A nutmeg grater, or nutmeg rasp, is a device used to grate a nutmeg seed. Okay, simple enough, but why were they designed so fancy? And what was the big deal about nutmeg anyway?
A common spice today, nutmeg was once a luxury. The Myristica fragrans tree from which the seed is taken originated on a tiny volcanic atoll in the East Indies, known as the Banda Islands and known today as a part of the Indonesian cluster of islands. Nutmeg was known in medieval Venice, but it wasn’t until the early 16th century that Portuguese and Dutch traders made it more widely available throughout western Europe. Nevertheless, the rarity of the little nuts and the peril of securing them made nutmeg a costly status-spice for centuries.
The scarcity undoubtedly led to the spice’s mystical attributes of curing nearly any ailment. Herbalist John Gerard wrote in 1597 that nutmeg “is good against freckles in the face, quickneth the sight, strengthens the belly and feeble liver, taketh away the swelling of the spleen … breaketh wind, and is good against all cold diseases of the body.”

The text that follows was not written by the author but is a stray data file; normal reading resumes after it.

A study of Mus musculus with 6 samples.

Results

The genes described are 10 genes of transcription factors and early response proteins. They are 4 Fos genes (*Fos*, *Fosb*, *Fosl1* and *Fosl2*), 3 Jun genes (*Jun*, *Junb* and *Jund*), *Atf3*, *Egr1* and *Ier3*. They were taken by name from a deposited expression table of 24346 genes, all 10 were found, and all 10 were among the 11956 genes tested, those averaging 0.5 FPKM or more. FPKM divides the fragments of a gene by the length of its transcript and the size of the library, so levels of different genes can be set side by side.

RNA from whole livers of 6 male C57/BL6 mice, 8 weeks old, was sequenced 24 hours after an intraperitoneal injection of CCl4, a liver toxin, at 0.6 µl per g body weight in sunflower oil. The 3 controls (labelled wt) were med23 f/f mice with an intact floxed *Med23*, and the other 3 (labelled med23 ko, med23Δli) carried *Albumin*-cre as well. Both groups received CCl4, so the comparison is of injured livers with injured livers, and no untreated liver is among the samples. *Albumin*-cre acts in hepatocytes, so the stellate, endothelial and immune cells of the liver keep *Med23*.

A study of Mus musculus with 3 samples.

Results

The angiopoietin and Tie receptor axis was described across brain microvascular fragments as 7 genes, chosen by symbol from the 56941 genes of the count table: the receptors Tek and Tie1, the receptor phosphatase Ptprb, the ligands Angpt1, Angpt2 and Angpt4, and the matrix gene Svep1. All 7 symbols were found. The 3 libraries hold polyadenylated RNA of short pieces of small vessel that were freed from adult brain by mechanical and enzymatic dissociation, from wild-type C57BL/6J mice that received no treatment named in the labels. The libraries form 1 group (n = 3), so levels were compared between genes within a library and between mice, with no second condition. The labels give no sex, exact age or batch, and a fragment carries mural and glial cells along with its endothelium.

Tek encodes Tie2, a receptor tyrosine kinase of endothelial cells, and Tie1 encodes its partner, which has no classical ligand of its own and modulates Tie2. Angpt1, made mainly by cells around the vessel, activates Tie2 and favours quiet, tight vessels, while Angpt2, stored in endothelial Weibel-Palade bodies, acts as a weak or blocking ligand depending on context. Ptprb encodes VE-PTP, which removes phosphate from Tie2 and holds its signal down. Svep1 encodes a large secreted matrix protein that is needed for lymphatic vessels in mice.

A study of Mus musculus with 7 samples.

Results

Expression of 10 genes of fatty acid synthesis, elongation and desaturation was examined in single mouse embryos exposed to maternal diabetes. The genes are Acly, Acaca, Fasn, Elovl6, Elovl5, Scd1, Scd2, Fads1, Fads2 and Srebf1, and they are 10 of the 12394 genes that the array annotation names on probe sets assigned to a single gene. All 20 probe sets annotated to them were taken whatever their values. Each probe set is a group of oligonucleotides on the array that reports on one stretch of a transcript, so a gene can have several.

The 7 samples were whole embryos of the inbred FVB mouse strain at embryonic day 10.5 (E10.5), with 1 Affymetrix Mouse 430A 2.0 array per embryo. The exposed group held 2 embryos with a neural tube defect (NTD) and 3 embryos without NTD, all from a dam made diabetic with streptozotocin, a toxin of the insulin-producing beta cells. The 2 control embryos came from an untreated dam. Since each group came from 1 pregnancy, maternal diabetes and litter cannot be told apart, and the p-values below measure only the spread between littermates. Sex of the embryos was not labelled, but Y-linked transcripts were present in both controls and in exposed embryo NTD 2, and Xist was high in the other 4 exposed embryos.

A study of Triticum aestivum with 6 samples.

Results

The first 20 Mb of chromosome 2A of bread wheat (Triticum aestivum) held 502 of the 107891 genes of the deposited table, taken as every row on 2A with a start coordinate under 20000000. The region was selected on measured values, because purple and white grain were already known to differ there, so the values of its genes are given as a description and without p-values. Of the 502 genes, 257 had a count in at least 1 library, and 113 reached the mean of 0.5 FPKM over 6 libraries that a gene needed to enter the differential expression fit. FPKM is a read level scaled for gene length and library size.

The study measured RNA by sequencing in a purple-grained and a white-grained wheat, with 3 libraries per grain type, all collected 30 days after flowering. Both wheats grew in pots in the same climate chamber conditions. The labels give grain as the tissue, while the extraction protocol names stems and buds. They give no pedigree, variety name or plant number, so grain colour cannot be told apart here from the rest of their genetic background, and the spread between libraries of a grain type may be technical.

Nutmeg purely ground and consumed in large amounts has a slightly hallucinogenic effect. This may be one reason why sprinkling it into alcoholic beverages became common. In the late 17th century, adding a dash of freshly ground nutmeg onto the shimmering surface of a glass of punch became fashionable for gentlemen of high society. This brand of “punch” was not the children’s party variety, by the way. Decidedly alcoholic, one’s recipe for punch was a closely held secret, but no matter the varied ingredients, topping it off with a sprinkling or two of nutmeg made it better. So much so that wealthy gentlemen considered it a necessity to carry these precious seeds in their pockets, just in case a drink was offered. That meant needing a way to grate them, since freshness was the key, and as with just about everything else, making graters of fine materials and ornately designed was an additional sign of money to spare.
Nutmeg graters are normally metal, cylindrical or half-cylindrical, with a compartment for storing the nutmeg seed. The surface is perforated with small rasped holes to grate the seed. Sized to fit comfortably into a jacket or waistcoat pocket. To be fair, nutmeg wasn’t only added to spirited drinks. The sweet, aromatic spice has always been a tasty enhancement in many dishes. Impressing a pretty lady or pleasing a loving wife by gallantly “spicing” her soup was a smooth move sure to earn a gentleman a nice reward. Guy’s gotta do whatever he can, right?